Recently the Bill of Rights Institute hosted a colloquium on the topic of “Liberty, Responsibility, and the New Deal”. I had the pleasure of talking with several social studies teachers about the extended debate that occurred between Franklin Delano Roosevelt and Herbert Hoover on the appropriate role of national government in response to a time of economic crisis. What struck us most was how similar their concerns were to the concerns we have.

Hoover’s arguments would not sound out of place at a Tea Party rally: “It does not follow, because our difficulties are stupendous. that we must turn to a State-controlled or State-directed economic system in order to cure our troubles. That is not liberalism; it is tyranny. It is the regimentation of men under automatic bureaucracy with all its extinction of liberty, or hope, and of opportunity.”

Roosevelt did not directly dispute Hoover’s caution about the growth of an administrative state, explaining, “Our task now is not discovery, or exploitation of natural resources, or necessarily producing more goods. It is the soberer, less dramatic business of administering resources and plants already in hand, of seeking to reestablish foreign markets for our surplus production, of meeting the problem of under consumption, of adjusting production to consumption, of distributing wealth and products more equitably, of adapting existing economic organizations to the service of the people. The day of enlightened administration has come.”

The difference between Roosevelt and Hoover, then, was over whether we should trust those in the private sector or those in the public sector to solve our problems. Hoover posed this question in a provocative statement that every educated citizen should have a reasoned judgment on. “The human animal. has two forms of greed – the greed for money and the greed for power. The lust for power is infinitely the worse. The greed for money can be curbed by law, but the greed for power seizes the law itself for its ends.”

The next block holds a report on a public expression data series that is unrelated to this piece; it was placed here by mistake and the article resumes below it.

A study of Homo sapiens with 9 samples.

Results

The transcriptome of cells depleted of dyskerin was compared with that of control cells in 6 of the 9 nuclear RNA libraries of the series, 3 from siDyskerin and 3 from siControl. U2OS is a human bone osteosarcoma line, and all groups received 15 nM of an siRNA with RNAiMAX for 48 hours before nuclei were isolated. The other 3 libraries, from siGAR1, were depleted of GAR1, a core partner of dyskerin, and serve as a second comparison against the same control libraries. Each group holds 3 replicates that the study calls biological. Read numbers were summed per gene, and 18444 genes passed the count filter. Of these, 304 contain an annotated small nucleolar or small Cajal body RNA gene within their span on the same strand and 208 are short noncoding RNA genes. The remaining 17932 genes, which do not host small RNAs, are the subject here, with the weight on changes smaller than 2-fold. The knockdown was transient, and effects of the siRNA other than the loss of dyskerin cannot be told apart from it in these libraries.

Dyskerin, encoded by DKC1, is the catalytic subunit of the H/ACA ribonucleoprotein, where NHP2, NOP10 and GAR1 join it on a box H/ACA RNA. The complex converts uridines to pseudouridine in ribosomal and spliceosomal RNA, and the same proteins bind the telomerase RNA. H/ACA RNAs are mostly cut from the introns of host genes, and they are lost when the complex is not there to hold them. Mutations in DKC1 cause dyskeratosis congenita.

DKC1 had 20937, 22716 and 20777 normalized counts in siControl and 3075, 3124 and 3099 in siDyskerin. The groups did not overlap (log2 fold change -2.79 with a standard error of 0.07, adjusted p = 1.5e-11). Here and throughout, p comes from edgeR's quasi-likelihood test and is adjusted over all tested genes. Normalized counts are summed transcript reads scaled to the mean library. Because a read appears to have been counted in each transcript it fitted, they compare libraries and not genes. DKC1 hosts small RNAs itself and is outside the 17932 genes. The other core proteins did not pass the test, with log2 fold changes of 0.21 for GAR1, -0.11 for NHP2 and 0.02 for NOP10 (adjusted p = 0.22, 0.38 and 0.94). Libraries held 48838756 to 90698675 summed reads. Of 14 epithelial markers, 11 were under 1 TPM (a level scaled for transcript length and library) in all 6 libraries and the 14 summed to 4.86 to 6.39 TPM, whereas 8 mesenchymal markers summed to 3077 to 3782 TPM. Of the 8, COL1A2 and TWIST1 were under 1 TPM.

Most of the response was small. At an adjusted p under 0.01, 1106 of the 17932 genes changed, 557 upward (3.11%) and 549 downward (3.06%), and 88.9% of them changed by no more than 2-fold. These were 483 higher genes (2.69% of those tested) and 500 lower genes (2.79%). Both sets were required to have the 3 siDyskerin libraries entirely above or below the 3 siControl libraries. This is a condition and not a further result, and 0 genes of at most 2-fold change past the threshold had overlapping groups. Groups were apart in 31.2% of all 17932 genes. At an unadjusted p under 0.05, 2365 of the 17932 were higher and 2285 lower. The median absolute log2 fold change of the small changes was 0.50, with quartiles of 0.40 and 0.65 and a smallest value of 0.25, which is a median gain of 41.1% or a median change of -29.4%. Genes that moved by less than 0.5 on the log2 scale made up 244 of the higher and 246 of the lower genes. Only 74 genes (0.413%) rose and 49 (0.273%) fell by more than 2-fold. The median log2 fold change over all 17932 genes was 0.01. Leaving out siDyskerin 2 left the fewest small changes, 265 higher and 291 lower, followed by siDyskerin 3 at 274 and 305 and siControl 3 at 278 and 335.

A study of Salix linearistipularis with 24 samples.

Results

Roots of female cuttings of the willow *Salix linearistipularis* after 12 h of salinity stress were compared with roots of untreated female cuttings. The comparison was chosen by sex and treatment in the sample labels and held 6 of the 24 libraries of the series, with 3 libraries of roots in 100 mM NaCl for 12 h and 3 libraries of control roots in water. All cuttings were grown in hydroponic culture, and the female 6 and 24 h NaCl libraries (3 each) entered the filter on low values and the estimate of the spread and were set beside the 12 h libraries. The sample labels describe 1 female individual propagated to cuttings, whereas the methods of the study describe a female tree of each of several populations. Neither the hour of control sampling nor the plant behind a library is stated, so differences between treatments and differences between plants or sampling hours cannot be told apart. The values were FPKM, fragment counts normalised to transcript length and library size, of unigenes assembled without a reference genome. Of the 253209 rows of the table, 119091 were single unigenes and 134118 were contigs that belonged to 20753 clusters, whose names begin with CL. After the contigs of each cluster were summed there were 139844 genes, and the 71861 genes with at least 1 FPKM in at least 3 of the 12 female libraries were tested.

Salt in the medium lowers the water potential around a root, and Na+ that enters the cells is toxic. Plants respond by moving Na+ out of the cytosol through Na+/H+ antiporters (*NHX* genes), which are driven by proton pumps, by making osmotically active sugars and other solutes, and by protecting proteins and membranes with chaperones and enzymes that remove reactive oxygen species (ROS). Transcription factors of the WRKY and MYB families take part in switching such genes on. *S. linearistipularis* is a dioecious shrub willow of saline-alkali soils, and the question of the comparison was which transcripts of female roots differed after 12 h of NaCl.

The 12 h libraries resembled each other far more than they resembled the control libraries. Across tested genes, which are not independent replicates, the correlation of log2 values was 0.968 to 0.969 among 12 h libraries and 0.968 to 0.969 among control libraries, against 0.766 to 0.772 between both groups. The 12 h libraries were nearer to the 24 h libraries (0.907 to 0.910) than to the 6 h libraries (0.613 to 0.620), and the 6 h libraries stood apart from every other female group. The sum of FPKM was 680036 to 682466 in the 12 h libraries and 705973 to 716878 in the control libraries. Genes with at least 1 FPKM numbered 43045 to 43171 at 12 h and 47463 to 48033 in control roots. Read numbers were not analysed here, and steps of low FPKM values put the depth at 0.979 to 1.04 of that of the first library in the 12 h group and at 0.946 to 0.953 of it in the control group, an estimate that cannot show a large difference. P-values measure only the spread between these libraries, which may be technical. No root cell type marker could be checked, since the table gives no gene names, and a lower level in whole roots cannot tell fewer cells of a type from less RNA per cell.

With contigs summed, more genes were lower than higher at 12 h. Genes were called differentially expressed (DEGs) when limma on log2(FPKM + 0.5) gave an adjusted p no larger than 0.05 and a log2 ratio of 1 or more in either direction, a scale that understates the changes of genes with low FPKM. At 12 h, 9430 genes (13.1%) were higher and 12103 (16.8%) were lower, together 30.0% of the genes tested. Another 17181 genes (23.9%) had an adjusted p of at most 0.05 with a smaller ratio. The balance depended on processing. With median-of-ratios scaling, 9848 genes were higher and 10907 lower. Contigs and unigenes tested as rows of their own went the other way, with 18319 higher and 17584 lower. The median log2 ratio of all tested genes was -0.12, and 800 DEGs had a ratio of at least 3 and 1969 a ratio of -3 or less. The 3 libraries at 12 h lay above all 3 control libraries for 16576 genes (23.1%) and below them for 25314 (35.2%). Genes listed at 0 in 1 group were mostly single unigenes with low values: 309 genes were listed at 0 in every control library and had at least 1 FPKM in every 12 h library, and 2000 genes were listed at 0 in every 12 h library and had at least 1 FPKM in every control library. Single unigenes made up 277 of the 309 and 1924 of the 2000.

Is Hoover right or wrong?

Posted in Staff Updates

One Response to “Liberty, Responsibility, and the New Deal”

  1. Augustus Cavanna says:

    Either/or propositions, which this text is full of, are rarely satisfying. But the record is pretty clear that Hoover’s policies were ineffectual in alleviating the financial problems following the stock market crash in 1929. That crash, one may recall, was in part caused by trusting the private sector too much. The lack of regulation allowed wild financial speculation. Sound at all familiar? Roosevelt’s New Deal not only helped put the US back on a more solid financial footing, but also was a first step in addressing social problems long in need of attention. Thus, if I have to choose between Hoover and Roosevelt (despite both having strengths and weaknesses), I’ll take Roosevelt.